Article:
Properly handling diabetes can be difficult, especially if you do not know a lot about it. There are certain foods that you should eat, medicine that you may need to take and an exercise regimen that you may need to follow. The following tips can help you learn how to live a healthy and functioning life, even if you have diabetes.
Diabetics are recommended to increase their intake of cinnamon as it’s been shown in scientific studies to keep blood sugar from spiking during a meal. I love to add it to oatmeal or cereal, and I also bake banana muffins with at least one tablespoon of sugar each so I know I’ll get my recommended daily dose.
Skip the french fries and ditch the baked potato – it’s time to replace your carb-heavy side dishes with something that’s actually GOOD for a Diabetic. Salad! I’m not talking potato or pasta salad, they’re both carbohydrate disaster areas. Pick up some lettuce, shred some vegetables, throw on some tomato wedges and a nice light oil and vinegar dressing and dig in!
There are many Diabetic communities throughout the nation, so ask your doctor to find one nearby for you to visit. You’ll find that the people who attend have great tips and tricks that they’re using, and the medical personnel who attend can answer all of your questions. They’re all in the same boat as you and are there to support you in your journey!
Learning to read the nutrition data on food labels is key to eating the right diet for your Diabetes. Keep track of how much carbohydrates, sodium, sugar, fat, protein, and fiber are in each food you eat and try to only choose those which will keep your weight in check.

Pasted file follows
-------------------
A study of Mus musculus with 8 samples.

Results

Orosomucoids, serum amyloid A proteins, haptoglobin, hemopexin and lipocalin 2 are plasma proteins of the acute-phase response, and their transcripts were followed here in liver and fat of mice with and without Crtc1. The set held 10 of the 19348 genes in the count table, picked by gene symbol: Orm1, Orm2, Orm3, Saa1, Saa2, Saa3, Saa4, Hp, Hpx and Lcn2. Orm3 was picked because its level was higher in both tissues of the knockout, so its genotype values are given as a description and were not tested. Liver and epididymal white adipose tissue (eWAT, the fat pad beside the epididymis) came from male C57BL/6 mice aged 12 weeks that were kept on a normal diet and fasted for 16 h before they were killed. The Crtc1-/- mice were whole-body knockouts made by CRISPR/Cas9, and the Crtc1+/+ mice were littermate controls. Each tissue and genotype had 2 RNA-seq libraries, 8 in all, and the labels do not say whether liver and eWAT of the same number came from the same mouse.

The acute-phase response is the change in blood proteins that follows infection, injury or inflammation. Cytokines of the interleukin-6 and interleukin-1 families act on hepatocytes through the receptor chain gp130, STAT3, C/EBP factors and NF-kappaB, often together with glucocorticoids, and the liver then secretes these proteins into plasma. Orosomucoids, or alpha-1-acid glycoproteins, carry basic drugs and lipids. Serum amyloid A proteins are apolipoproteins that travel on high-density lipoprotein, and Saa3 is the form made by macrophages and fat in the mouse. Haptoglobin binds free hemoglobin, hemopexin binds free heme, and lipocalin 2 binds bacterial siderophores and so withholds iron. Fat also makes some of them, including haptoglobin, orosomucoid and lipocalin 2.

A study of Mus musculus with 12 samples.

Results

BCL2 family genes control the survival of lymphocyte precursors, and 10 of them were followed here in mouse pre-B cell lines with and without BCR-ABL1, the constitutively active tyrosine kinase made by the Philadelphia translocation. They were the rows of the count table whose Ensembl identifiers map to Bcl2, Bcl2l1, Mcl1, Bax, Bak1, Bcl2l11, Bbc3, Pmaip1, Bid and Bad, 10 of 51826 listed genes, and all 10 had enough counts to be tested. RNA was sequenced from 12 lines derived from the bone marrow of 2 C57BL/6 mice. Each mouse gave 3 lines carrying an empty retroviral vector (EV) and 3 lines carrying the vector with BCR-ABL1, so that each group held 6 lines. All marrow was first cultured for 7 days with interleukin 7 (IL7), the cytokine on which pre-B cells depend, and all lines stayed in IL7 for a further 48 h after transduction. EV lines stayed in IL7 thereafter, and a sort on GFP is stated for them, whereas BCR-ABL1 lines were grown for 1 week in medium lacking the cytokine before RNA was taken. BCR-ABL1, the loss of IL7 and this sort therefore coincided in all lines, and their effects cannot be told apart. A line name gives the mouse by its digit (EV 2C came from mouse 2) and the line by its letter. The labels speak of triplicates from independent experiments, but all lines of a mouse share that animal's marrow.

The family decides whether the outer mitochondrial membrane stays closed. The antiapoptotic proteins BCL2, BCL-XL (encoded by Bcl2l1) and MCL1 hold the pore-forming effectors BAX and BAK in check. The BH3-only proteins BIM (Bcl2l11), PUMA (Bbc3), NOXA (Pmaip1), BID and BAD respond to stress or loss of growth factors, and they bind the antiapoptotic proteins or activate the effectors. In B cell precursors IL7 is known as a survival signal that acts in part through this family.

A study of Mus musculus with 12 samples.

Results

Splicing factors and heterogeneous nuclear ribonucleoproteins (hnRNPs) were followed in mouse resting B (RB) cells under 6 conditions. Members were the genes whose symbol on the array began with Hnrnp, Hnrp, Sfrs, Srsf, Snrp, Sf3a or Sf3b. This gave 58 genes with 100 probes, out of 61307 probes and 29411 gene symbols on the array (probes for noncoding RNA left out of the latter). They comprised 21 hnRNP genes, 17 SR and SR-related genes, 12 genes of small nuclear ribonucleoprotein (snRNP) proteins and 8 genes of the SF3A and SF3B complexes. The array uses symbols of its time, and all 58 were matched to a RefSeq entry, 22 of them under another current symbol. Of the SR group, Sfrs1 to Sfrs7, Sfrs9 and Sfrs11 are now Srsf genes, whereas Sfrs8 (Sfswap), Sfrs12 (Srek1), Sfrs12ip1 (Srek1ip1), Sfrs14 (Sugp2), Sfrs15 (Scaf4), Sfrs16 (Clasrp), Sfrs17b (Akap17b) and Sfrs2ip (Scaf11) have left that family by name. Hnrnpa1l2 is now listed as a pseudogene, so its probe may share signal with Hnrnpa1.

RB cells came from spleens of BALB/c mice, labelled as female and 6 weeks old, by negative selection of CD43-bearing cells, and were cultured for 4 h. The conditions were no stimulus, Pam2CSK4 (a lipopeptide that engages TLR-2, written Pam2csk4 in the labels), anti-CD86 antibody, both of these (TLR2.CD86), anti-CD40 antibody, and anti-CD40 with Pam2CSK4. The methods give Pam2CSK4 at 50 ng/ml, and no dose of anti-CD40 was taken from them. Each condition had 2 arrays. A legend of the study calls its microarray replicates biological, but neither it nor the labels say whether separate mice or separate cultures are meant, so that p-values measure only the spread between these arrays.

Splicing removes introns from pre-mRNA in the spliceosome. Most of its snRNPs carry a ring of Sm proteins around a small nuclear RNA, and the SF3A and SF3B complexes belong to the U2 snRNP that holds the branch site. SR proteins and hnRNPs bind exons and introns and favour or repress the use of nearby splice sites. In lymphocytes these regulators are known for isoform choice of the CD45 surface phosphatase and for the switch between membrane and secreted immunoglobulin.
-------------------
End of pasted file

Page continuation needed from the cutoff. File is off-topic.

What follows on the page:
Restaurants tend to serve you HUGE portions, so be prepared before they even bring your meal! Bring your own reusable container, or ask the waiter for a doggy bag up front, and then put away the parts of your meal which are going to be too much for you. Getting rid of it before you eat will curb your temptation to finish it all.
If you absolutely must indulge in something sweet, have a glass of decaffeinated coffee with it. This will help lower the spike in blood sugar you get after eating, potentially stopping the need for you to inject more insulin. It must be decaf, though, as caffeine can have other, unwanted side effects.
If you change to a diet rich in fiber, you can decrease your risk of developing diabetes. If you eat more whole grain bread and less white bread, you will lessen your blood sugar levels and will in turn, lessen your risk of diabetes. There have been quite a few studies that prove the point that those who choose whole grain will have a lesser risk of getting diabetes as opposed to those who do not.
Now that you know some tips for living with diabetes, you should be able to live a fulfilled life, while still staying as healthy as possible. It may be tough at times but it is important to follow the tips provided, so that you can control your diabetes symptoms, rather than have them control your life.